Oct. 17, 2011

Dr. Lorraine LipscombeIn a population-based study recently published in the peer-reviewed journal Cancer, Dr. Lorraine Lipscombe, scientist at Women’s College Research Institute and endocrinologist, reports surprising findings about a commonly used breast cancer medication. Her team found that in older breast cancer survivors, tamoxifen is associated with a significantly increased risk of diabetes, even after adjustment for other risk factors.

“Tamoxifen is an important treatment for estrogen-receptor breast cancer that has been shown to improve breast cancer survival,” says Lipscombe. “We found that diabetes was 24 per cent higher in women who were using tamoxifen treatment, not with previous tamoxifen users.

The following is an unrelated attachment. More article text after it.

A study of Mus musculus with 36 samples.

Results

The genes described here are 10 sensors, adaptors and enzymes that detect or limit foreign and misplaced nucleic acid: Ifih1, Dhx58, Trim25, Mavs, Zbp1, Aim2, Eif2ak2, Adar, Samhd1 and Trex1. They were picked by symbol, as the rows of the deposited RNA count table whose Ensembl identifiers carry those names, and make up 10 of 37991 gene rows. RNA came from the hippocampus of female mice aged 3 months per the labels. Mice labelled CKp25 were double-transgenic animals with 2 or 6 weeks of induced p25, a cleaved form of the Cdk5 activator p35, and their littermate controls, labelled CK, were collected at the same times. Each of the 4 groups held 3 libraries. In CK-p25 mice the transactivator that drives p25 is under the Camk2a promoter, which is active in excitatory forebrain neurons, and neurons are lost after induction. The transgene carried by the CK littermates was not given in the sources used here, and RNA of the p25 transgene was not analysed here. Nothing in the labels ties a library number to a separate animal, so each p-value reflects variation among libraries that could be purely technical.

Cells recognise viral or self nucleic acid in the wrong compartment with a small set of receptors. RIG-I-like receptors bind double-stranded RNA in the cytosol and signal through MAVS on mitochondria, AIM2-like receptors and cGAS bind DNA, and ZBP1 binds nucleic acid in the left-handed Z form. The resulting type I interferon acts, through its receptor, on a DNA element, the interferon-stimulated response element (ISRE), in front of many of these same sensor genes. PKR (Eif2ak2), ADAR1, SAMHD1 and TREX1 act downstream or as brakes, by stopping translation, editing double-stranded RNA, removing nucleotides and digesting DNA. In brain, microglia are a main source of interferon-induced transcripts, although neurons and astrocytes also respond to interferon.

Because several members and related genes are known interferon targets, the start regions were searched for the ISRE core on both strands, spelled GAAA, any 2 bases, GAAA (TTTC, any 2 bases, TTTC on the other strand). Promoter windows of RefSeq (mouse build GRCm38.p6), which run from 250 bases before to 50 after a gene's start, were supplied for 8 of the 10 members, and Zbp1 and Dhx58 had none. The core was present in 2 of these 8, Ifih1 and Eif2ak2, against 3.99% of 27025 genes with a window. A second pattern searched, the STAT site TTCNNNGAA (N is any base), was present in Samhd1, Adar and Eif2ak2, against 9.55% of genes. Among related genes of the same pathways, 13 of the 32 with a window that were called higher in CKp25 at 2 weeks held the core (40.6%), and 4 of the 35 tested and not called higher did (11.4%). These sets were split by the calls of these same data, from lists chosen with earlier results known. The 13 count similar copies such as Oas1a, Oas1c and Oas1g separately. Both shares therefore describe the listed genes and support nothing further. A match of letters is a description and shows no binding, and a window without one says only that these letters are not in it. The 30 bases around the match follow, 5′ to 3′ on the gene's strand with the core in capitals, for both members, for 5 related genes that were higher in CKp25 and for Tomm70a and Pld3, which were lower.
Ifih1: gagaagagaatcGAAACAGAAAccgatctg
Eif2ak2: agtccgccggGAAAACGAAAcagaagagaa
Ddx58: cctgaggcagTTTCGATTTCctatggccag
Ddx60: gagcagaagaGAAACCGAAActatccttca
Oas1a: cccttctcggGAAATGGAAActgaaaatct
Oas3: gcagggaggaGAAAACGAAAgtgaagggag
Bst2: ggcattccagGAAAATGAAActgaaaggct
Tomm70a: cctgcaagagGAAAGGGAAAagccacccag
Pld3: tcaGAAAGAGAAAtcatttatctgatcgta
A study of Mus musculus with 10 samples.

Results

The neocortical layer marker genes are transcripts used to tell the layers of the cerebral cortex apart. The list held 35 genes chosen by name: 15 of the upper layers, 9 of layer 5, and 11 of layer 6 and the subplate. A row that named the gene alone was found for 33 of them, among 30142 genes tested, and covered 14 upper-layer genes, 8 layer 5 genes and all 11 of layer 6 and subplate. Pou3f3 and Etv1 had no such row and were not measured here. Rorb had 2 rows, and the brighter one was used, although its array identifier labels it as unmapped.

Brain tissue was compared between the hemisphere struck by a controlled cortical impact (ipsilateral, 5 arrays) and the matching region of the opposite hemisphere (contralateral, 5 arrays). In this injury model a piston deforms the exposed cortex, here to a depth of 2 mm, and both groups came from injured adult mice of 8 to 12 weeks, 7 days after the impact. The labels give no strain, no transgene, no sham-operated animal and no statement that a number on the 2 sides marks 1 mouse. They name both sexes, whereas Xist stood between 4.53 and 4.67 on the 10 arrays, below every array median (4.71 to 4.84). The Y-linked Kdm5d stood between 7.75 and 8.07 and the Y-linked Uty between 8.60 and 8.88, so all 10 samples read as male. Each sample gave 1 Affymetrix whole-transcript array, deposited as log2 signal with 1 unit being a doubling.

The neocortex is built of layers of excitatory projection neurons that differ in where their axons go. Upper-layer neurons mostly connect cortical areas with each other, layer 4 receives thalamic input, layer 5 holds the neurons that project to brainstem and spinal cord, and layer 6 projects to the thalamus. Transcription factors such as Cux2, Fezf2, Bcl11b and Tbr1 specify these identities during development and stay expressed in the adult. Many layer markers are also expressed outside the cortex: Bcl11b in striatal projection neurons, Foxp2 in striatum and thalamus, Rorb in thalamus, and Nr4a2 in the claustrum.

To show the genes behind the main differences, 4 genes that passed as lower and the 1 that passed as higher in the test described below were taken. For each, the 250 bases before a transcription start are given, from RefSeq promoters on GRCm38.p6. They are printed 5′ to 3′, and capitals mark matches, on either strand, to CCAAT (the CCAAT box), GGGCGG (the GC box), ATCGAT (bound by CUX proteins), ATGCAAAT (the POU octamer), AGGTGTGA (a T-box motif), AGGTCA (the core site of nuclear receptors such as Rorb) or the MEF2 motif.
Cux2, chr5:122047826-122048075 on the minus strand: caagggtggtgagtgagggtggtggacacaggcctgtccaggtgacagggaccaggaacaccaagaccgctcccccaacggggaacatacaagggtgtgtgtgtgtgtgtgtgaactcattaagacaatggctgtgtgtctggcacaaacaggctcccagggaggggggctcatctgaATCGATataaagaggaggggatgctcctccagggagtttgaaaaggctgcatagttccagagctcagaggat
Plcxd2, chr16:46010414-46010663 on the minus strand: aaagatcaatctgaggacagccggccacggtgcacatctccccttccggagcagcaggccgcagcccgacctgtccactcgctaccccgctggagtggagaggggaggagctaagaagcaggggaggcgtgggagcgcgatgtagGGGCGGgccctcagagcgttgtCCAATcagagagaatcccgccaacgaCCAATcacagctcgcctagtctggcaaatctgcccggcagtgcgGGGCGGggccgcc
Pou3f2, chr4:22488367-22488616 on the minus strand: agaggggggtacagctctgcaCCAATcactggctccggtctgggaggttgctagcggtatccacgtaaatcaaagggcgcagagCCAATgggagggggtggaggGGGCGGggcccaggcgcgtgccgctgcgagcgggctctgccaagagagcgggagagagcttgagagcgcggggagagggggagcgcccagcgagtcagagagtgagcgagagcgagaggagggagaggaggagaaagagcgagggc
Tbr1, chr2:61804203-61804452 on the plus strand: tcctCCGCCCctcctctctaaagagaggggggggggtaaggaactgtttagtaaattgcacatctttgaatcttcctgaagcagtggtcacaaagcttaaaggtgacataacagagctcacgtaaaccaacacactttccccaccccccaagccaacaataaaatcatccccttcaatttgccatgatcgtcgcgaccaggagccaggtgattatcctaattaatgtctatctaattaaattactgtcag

“This suggests that although current tamoxifen therapy may increase the risk of diabetes in people who are susceptible, this risk does not continue after the medication is discontinued.”

The researchers suspect that the underlying mechanisms may be related to tamoxifen’s estrogen-inhibiting effect. Evidence suggests that estrogen plays a role in regulating blood glucose levels, and indeed post-menopausal women, whose estrogen levels are naturally lower, have a higher prevalence of diabetes, weight gain, insulin resistance and metabolic syndrome. Furthermore, post-menopausal estrogen replacement therapy has been shown to reduce the incidence of diabetes.

Although Lipscombe’s study shows that tamoxifen may increase the risk of diabetes in susceptible individuals, the publication highlights the need for further research to investigate this potential new side-effect.

“Women taking tamoxifen should not discontinue, but should discuss with their doctor getting tested for diabetes, particularly if they have other risk factors such as a family history or obesity,” says Lipscombe.